Ibn Ezra adds to the pasuk: “You shall sanctify yourselves because I am Hashem your G-d. I gave you mitzvos and statutes to guard (and observe), so that you will maintain your holiness.” In other words, the mitzvos which we observe protect us. The greater our affiliation with and observance of mitzvos, the greater is our protection from failure and falling into the abyss of sin and spiritual contamination. One night, quite late, Horav Akiva Eiger, zl, Rav of Posen and the preeminent Torah giant of his generation, heard knocking at his door. As Rav of the city, the people knew that he was the 24/7 address for every Jew in need. The fact that it was late at night, when most Jews had retired for the night, did not matter. The Rav was surely awake. He was always learning. The Gaon went to his door to find two women standing there: a mother and her daughter. They stood by the door weeping bitterly.
“What is wrong?” the Gaon asked them. “Our father (elderly woman’s husband) leased an inn from a gentile landowner. This past winter was outrageously cold and snowy. As a result, people did not go out. Without customers, we have no income; without income, we have no rent money. The problem is: the poritz, landowner, accepts no excuses. He demands payment. My father was thrown into the dungeon and given an ultimatum: two days to pay – or else. One day has passed.” They then proceeded to continue their incessant weeping.
The Gaon’s reply was, “Wait here until I return.” He called his son, and they both left the house in search of funds to help this poor Jew. Rav Akiva Eiger covered half the city, trudging through the frigid snow, braving the biting cold wind, all for the sake of a Jew whom he did not even know. He “chanced” upon a bar (The word is in quotes because, as frum Jews, we know that nothing happens by chance. Indeed, the word should not be in our lexicon.). The establishment was packed with men imbibing to their heart’s content. Understandably, the patrons of this bar were not the average shul-going, Shabbos observant members of the Jewish community. The Gaon was confronted with a quandary: Should he enter the establishment and plead with them, attempting to appeal to their Yiddishe neshamos, souls, the pintele Yid that we each possess? He decided that, since a Jew’s life was in danger, he would take his chances.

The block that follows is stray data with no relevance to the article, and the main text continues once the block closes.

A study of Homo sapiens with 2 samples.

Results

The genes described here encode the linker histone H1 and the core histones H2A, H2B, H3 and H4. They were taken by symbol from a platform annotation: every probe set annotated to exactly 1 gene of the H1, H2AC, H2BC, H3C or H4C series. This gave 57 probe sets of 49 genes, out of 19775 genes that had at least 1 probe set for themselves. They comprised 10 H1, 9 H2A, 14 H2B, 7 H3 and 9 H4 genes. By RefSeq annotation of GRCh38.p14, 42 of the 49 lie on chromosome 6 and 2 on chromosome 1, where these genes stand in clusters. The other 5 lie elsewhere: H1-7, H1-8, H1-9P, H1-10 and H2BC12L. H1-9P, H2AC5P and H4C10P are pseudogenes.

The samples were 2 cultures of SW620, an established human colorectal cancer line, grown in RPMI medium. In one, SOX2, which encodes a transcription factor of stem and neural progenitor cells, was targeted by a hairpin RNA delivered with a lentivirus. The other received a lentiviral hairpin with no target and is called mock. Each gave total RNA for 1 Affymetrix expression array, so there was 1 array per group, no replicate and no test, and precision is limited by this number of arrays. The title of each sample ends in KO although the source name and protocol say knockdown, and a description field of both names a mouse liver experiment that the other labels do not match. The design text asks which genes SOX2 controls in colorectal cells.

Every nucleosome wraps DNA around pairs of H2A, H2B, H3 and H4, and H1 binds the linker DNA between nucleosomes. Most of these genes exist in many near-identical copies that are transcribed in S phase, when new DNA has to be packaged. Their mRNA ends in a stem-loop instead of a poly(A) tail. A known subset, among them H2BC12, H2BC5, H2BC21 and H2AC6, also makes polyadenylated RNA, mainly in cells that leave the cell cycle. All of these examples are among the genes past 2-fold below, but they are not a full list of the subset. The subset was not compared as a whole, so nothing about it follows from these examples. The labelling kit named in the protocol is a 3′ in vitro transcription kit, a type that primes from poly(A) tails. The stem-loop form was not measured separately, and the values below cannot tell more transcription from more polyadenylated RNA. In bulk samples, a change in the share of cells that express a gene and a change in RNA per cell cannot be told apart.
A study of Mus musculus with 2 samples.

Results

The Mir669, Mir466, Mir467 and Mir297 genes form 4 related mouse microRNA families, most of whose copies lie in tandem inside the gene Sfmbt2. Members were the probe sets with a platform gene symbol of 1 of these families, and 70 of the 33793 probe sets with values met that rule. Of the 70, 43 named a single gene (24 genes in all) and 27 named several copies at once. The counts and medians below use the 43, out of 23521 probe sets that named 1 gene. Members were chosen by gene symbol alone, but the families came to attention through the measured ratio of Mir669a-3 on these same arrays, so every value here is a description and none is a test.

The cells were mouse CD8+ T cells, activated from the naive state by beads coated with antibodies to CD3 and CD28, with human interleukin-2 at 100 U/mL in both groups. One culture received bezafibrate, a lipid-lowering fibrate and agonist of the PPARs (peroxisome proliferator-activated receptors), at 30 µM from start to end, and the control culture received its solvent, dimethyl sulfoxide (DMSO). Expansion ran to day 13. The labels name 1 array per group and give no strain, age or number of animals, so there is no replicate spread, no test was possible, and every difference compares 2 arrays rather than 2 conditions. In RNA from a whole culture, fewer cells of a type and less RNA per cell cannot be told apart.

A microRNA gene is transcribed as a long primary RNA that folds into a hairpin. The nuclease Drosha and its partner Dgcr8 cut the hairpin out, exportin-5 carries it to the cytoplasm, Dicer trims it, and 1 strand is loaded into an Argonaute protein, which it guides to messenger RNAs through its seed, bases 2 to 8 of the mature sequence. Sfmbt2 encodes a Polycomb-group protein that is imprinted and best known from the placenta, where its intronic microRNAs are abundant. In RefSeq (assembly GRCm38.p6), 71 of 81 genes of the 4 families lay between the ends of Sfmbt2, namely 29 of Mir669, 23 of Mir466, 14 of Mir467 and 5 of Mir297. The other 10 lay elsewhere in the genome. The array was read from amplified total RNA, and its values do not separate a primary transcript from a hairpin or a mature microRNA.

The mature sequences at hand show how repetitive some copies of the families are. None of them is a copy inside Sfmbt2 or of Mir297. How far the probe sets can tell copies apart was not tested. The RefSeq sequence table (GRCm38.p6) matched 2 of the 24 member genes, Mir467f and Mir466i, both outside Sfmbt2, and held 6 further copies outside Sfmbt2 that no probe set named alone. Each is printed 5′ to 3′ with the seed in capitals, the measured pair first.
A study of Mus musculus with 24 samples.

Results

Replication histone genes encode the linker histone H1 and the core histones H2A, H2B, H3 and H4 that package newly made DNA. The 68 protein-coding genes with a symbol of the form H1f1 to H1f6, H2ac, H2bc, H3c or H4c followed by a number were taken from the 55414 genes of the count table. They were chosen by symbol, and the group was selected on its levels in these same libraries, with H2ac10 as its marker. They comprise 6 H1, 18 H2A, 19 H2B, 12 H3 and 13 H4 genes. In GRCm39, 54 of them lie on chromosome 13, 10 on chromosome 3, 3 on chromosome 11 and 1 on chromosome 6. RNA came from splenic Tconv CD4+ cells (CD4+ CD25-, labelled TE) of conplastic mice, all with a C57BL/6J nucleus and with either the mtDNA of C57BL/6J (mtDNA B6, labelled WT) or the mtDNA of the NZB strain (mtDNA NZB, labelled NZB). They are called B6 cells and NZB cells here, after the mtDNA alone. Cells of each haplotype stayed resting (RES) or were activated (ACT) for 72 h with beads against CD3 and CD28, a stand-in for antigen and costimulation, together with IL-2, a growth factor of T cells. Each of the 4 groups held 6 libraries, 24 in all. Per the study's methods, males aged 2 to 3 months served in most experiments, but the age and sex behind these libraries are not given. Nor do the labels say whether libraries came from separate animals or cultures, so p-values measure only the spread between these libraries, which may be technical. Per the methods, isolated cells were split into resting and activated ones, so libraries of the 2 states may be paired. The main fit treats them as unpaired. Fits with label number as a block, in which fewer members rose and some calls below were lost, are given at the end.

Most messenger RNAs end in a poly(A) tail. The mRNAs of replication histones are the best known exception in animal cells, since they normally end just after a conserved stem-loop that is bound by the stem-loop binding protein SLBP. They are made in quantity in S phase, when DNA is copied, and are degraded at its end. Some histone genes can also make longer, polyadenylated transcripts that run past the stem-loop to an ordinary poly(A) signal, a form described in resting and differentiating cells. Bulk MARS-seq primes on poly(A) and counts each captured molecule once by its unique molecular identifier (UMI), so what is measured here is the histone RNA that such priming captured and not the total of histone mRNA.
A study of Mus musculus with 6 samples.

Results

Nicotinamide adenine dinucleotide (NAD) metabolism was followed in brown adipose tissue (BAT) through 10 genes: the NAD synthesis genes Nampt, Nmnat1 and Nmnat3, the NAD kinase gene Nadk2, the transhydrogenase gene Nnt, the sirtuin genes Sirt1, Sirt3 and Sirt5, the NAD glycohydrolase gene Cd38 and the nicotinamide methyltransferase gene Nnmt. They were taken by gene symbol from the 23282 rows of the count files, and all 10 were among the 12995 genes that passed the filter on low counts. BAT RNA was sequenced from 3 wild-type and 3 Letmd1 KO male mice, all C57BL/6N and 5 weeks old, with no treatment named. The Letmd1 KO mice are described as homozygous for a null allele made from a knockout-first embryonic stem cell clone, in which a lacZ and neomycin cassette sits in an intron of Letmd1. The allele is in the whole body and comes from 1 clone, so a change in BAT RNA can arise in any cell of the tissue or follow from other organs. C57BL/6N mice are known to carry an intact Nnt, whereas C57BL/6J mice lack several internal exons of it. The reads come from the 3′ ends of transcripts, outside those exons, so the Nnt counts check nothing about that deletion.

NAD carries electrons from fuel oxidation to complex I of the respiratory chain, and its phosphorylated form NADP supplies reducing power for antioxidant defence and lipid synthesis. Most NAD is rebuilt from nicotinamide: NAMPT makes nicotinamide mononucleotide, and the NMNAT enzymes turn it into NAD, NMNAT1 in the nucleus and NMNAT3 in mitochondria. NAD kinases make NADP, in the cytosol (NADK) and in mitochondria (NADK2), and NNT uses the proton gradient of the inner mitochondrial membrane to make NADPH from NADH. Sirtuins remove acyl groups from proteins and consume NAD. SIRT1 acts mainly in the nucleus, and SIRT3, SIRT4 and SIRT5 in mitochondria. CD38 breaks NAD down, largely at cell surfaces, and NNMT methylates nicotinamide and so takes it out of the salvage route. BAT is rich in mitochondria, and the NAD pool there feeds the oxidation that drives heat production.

Rav Akiva Eiger walked into the bar and placed himself in middle of the room. “Rabbosai, I need your help. One of our own is wallowing in a dungeon and, unless I raise the funds to redeem him, he will be tortured, and perhaps worse. Please help. Whoever saves one Jew it is considered as if he sustained the entire world!” Their wallets opened up and, within a few moments, these far from religiously observant Jews produced sufficient funds to save their brother.
The Gaon took their money and turned back and began admonishing them concerning their lack of observance. The men were shocked. Their leader spoke up, “First, the Rav empties our wallets, and then he has the temerity to give us words of mussar, admonishment?”
The Gaon replied, “It is my responsibility as Rav to see to it that every member of our community (Posen) follows along in the correct and righteous path. You have no idea how much I value and appreciate each and every one of you. I have enormous pain in my heart resulting from your spiritual infamy. You have distanced yourselves from Hashem, and this troubles me.” With these words, Rav Akiva Eiger burst into bitter, uncontrolled weeping. A few minutes passed, and he added, “When I entered the bar I saw you in your degradation, I was prepared then and there to admonish you for your less than acceptable behavior. Then I recalled the words of Chazal, ‘Just as it is a mitzvah to say what will be heard (and accepted), it is likewise a mitzvah not to say what will not be heard (Yevamos 65b).’ In other words, it is better not to speak/admonish when the subject will, at best, ignore you. We gain nothing by giving mussar to someone whom we know will not listen. Indeed, it might enrage him and distance him even further. Now that you all have merited to save a Jewish life, however, I am certain that the light of the mitzvah has illuminated and warmed your hearts to the point that it is incumbent upon me to arouse you to return and embrace your religious roots.” The words of the Gaon had an impact, and a number of those in attendance altered their spiritual trajectory and became observant Jews. This goes to show that, more than what we do for the mitzvah, the mitzvah does for us.